LUTZ — One run.
That's been the unofficial rallying cry for Steinbrenner in this year's baseball postseason.
If the Warriors' offense can find a way to scrape across one run, then the defense and lively right arm of junior ace CJ Van Eyk should be able to put the game away. It worked against Sickles in the Class 8A, District 5 semifinals in a 1-0 win. It worked against Durant in the region semifinals, another 1-0 win. And it worked against East Lake in last week's region final, when Steinbrenner exploded for three runs and won 3-0.
The only team in the playoffs to score (twice) off Van Eyk was Plant City. But Steinbrenner came up with a run in the bottom of the seventh to escape with another one-run win.
Van Eyk will be on the mound Friday night when the Warriors play Westland Hialeah in the Class 8A state semifinals in Fort Myers. The goal? To score at least one run.
"That's all we need," senior outfielder Drew Burkhart said. "CJ tells us that he can do it if we give him the runs. That's what gives us confidence as an offense. We know if we can get a few, CJ will take over."
Van Eyk has been one of the area's top pitchers all season, especially in the playoffs. In 28 innings pitched since the district semifinal, he has allowed one earned run, 16 hits and struck out 38. In the win over Sickles, he gave up just one hit and struck out 10. Against East Lake, he struck out 13.
Thanks to a new tournament format that spreads the three region games over three weeks, teams can use their ace all the way through the state semifinals. No team has taken more advantage of that than Steinbrenner.
"None of our other pitchers have thrown for over a month," coach John Crumbley said. "That's just the way it worked out. Nobody in their right mind would save your No. 1 pitcher for the finals when it might not happen."
For the season, Van Eyk is 11-1 with a 0.83 ERA. In 84 innings, he has struck out 123 and walked 16. Throw in his sophomore season, and Van Eyk has won 18 of his 19 starts. His only loss was in March against Plant, when he gave up five runs in six innings.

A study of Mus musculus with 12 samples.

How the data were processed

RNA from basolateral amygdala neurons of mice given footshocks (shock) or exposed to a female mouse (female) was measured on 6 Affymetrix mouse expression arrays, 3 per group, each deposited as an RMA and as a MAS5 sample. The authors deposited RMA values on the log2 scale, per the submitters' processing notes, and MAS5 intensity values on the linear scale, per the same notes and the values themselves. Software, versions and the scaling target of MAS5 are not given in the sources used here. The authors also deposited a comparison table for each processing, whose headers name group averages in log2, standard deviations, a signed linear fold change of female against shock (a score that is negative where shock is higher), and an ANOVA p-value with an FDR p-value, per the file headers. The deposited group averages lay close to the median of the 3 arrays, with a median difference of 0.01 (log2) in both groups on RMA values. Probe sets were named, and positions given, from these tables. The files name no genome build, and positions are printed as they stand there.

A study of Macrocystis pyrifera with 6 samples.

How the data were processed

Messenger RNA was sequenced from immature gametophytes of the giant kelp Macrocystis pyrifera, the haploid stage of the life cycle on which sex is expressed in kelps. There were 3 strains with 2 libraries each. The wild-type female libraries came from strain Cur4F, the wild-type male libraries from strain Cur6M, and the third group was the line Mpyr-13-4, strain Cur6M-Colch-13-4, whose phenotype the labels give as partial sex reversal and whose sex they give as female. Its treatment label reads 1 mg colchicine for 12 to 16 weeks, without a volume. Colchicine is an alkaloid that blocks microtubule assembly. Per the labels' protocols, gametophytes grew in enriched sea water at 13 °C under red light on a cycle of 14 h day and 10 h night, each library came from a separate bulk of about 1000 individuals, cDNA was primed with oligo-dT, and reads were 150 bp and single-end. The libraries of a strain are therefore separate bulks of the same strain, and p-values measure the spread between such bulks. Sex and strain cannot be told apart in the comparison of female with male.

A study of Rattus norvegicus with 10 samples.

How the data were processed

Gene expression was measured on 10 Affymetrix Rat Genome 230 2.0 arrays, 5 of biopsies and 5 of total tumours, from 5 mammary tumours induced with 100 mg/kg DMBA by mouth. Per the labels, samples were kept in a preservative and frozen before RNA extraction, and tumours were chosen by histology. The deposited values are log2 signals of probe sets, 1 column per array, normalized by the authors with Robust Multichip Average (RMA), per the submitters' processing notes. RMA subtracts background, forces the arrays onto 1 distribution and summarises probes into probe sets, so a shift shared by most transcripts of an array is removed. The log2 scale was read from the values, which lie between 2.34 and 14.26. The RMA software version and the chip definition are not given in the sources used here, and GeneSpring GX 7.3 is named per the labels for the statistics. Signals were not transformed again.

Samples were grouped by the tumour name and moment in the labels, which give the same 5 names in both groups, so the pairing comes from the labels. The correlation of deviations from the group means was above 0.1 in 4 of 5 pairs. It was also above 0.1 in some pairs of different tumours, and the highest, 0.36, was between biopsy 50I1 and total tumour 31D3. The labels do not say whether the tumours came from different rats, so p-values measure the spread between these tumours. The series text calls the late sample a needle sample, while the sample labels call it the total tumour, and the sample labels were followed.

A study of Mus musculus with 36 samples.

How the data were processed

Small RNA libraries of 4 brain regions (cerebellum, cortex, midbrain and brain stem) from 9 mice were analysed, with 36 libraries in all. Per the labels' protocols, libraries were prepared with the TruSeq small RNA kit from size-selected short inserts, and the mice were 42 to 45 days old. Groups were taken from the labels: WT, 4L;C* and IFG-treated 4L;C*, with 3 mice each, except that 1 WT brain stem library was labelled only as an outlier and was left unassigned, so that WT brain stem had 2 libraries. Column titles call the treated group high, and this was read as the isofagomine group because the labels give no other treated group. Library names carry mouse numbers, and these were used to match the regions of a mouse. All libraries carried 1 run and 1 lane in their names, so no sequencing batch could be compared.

"I'm going to compete and no one is going to beat me, that's my mind-set," said Van Eyk, who is committed to Florida State. "If we have the lead then I always think that I can shut the other team down."
It is no surprise that the Warriors are still alive. They return most of the team that lost to Durant in last year's region semifinals in 12 innings. Yes, Van Eyk, who is also hitting .320 with 12 RBIs, is the key returner. But he's not all the Warriors have.
Junior first baseman/pitcher Patrick Morris is hitting .368 and has nine doubles and 20 RBIs. Senior third baseman Bradley Hession isn't far behind with a .364 average and a team high 22 RBIs. Burkhart is hitting .348 with 13 RBIs.
"We had a good team last year, but this year we added some younger players and I knew we would be even better," Burkhart said. "We had hitting last year, but this year I think everyone in our lineup can hit."
The Warriors (25-5) found out just how good of a tournament team they were when they won the Saladino title during spring break. They won all six games in the tournament, including extra-inning wins over Brandon and Alonso, the latter of which is also at state.
"We know that if we can win the Saladino tournament then we can win the state championship," Morris said. "Saladino is really hard to win."
After losing to Plant and Hillsborough in late March, Steinbrenner has won 12 straight. While this will be the program's first state tournament appearance, it is one of many for Crumbley. Crumbley took Jesuit to 17 state tournaments, including 15 straight from 1992-2006. His teams won three state titles.
Whether a fourth title will be his is still to be determined, but Crumbley believes his team is playing its best baseball now.
"Everything has fallen in place for us," he said. "Since that (Saladino) tournament we've pretty much been firing on all cylinders."
Contact Rodney Page at firstname.lastname@example.org. Follow @RodneyHomeTeam.